The 2012 London Olympics games are less than a month away! The torch that will bring the Olympic flame to the Olympic Stadium has run has already visited much of the United Kingdom, including Cornwall, Wales, and Northern Ireland and Scotland, but there are still plenty of amazing sites left along the relay route.
OurAmazingPlanet will be taking you on a sight-seeing journey along with the torch week-by-week until the beginning of the Games of the XXX Olympiad, which runs from July 27 through Aug. 12, 2012. For week 7, the torch passes by ancient castles and the home of William Shakespeare. So come along with us, and make sure to come back to see where the torch goes next!
(See sights along the torch route from last week. Pictured above is torchbearer Dorothy Fraser carrying the torch outside Lincoln Cathedral at the beginning of Day 41.)
In 2009, Terry Herbert made an astonishing discovery in a field outside of Lichfield, Staffordshire, England with just his metal detector. Buried in the ground were more than 3,500 items of gold and silver with precious stone decorations the largest hoard of Anglo-Saxon precious metalwork ever discovered.
The pieces, of extremely high quality craftsmenship, are all war-related materials, mostly parts of swords. They date from the sixth century to the early eighth century, around the time of the Kingdom of Mercia, one of the largest and most aggressive kingdoms in Britain's history. Experts think that the pieces may have been stripped by victors in battle from their vanquished foes, but why they were buried is a mystery.
The pieces feature inscriptions, filigree, animal decorations and garnets. The entire hoard has been valued at
At more than 800 years old, the town of Stratford-upon-Avon has plenty of history, but none more famous that its being the birthplace of William Shakespeare.
Because of this connection the town naturally attracts plenty of tourists and has several Shakespeare-related landmarks. Shakespeare's Birthplace is where the poet and playwright was born, grew up and spent the first five years of his married life with his wife, Anne Hathaway. The home also doubled as the workshop of his father, who was a glove maker.
His wife's family home, now called Anne Hathaway's cottage, is where Shakespeare courted his future wife. The thatched roof cottage includes many original pieces of the family's furniture, including the Hathaway Bed, dating from Anne's time.
New Place is the house that Shakespeare bought after he was an establish playwright and was the second biggest house in Stratford at the time. He died there in 1616.
The first castle to appear on the site of the present-day Warwick Castle was a motte-and-baily one built by William the Conqueror in 1068. Stone replaced the wood and earth in 1260.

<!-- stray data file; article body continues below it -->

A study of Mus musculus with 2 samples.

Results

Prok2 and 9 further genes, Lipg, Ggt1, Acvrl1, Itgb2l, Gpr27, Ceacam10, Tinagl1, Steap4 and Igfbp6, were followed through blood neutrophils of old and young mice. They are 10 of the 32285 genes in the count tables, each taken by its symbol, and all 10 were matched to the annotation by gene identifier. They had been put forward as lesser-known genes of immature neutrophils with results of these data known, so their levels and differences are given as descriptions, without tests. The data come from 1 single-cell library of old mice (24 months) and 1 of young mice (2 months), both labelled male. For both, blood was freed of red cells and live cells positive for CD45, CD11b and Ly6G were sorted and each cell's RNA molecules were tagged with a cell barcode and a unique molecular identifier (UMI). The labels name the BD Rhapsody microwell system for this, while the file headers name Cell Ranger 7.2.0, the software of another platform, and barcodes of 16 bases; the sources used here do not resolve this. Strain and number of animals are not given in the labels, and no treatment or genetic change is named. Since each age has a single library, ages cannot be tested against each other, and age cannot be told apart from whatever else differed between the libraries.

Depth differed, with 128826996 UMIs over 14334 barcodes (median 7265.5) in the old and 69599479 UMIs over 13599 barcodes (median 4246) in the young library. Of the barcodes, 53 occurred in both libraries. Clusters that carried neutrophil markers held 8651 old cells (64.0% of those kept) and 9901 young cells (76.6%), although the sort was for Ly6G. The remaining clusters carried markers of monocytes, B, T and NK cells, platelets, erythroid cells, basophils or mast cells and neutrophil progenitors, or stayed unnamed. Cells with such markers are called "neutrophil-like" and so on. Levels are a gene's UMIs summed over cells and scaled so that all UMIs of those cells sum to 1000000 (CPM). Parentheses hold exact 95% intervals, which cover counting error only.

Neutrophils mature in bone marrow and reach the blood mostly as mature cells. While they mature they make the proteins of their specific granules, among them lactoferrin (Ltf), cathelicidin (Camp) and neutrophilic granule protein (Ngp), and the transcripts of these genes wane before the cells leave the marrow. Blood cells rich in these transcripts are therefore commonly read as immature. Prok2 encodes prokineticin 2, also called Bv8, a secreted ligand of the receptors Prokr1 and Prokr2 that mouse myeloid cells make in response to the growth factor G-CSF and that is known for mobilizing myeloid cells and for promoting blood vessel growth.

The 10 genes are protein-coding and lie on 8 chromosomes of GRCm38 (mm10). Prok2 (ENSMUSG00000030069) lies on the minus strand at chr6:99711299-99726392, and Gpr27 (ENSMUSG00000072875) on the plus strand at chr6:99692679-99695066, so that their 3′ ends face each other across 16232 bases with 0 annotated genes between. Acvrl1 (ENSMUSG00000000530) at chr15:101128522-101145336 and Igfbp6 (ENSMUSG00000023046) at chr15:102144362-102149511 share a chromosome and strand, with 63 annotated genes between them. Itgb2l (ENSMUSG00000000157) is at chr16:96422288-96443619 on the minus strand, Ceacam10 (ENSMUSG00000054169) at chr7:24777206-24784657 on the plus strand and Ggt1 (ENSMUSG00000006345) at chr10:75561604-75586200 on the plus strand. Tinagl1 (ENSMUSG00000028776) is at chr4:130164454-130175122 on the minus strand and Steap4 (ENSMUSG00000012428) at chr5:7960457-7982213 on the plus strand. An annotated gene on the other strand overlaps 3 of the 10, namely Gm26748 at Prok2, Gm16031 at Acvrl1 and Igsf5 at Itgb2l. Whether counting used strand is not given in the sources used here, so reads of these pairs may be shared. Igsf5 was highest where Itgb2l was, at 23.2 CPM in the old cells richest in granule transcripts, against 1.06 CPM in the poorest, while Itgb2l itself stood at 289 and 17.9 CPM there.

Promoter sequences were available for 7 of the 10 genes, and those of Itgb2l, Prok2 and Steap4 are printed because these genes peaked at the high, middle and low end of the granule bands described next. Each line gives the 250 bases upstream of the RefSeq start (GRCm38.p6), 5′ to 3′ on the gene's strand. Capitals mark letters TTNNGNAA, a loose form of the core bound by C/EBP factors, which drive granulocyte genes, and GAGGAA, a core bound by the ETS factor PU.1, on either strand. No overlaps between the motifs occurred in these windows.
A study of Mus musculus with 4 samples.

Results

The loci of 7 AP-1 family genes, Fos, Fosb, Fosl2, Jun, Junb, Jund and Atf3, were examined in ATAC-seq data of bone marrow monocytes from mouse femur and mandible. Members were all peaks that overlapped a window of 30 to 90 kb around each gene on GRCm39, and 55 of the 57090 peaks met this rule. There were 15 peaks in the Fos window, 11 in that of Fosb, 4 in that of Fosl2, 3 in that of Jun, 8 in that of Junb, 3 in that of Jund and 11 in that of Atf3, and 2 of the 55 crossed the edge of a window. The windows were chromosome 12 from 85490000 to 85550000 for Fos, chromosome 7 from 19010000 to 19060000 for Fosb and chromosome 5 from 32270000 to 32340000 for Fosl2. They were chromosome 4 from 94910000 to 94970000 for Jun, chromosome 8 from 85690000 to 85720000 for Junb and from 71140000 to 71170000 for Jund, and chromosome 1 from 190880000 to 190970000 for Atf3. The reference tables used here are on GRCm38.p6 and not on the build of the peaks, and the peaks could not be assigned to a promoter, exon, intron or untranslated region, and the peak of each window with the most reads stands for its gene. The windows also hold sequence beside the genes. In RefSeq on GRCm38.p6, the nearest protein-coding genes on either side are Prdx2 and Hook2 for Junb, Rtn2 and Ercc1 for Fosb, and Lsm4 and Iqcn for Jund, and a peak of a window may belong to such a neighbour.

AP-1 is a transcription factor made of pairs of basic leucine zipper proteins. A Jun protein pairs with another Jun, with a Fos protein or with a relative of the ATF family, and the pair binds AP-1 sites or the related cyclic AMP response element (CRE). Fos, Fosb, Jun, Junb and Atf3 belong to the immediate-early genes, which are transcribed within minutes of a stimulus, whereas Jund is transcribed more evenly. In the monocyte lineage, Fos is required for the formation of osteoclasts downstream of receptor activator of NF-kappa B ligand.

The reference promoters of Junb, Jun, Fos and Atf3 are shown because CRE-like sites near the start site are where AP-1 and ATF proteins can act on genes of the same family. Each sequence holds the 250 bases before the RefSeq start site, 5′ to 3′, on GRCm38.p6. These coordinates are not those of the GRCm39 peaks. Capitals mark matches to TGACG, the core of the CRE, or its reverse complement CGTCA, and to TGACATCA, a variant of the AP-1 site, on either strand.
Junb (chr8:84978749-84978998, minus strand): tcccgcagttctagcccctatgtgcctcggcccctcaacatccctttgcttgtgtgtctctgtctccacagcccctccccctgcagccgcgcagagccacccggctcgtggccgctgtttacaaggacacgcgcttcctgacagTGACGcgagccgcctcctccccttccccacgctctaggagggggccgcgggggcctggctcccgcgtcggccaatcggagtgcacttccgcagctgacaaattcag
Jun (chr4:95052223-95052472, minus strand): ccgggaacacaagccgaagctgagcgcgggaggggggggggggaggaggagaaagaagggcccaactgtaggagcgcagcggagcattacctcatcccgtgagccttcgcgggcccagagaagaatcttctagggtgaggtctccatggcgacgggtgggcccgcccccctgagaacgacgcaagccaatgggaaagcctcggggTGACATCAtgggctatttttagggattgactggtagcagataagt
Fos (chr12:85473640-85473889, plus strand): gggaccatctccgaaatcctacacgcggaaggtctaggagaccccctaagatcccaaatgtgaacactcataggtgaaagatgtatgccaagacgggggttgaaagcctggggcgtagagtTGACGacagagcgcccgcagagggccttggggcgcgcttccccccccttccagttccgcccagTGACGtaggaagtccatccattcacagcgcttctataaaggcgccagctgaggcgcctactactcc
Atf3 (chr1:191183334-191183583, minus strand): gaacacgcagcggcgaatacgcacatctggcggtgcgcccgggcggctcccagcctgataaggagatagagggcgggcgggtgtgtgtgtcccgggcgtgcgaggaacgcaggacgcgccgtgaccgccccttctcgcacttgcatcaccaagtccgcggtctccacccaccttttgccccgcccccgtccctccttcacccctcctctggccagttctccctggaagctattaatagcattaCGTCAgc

Two of the castle's towers and its dungeon were built in the 14th century. Visitors can tour the castle, including these aspects, as well as various bedrooms and the Great Hall, which features a huge cauldron that is about 500 years old and was used to cook stew for the castle's soldiers.
Queen Elizabeth I visited the castle in 1572 and Queen Victoria in 1858. A fire damaged the castle in 1871.
Norwich Castle was founded by William the Conqueror around 1067. The Normans demolished nearly 100 Saxon homes to build the earthworks around the original wooden fort.
Though it was intended to be a royal palace, no Norman king ever lived in the castle. From the 14th century until the end of the 18th, the castle was used as a county jail. It opened as a museum in 1894 and was refurbished at the beginning of the 21st century.
The keep of the castle was built with limestone imported from France. Visitors can walk in through the Bigod Arch, the original entrance of the palace. The keep feature stone carving, a 900-year-old staircase and five toilets each with four berths. Prisoners left graffiti on the castle that can still be seen.
The castle museum also contains an array of Anglo-Saxon artifacts (the Angles and the land of East Anglia are where England got its name).
The Broads are a tapestry of wetlands, shallow lakes and rivers in the English counties of Norfolk and Suffolk. The protected area, which has a status on the level of a national park, covers about 115 square miles (300 square kilometers). The area was much shaped by humans over the centuries, through wetland reclamation and animal grazin.
Six rivers the Ant, Thurne, Bure, Yare, Chet and Waveney connect the shallow lakes of the Broads (themselves referred to as broads). Boating is naturally a major pastime and way of life in the region.
The Broads has a variety of habitats and supports a range of wildlife and is particularly renowned for the large number of bird species found there.
Medieval churches, castles and their ruins, and the ruins of Roman forts can also be found throughout the area.
Colchester boasts of being Britain's oldest recorded town, as it was referred to by Pliny the Elder in AD 77 as Camulodunum, the pre-Roman name for the settlement.
The Roman fortress there gave rise to a civilian settlement called Colonia Claudia, named for the Emperor Claudius, who led his troops into the area. The settlement was the first Roman capital of Britainnia. Remnants of the Roman defensive wall can still be found, remains of the only known Roman Circus in Britain was discovered in 2004 to the south of the town.
The earliest known Christian Church in Britain, dating from the 4th Century, was uncovered in Colchester.
Colchester Castle was the first and largest Norman keep built according to the castle museum site building on it likely began in 1076. The castle was built on the site of the ruined Temple of Claudius.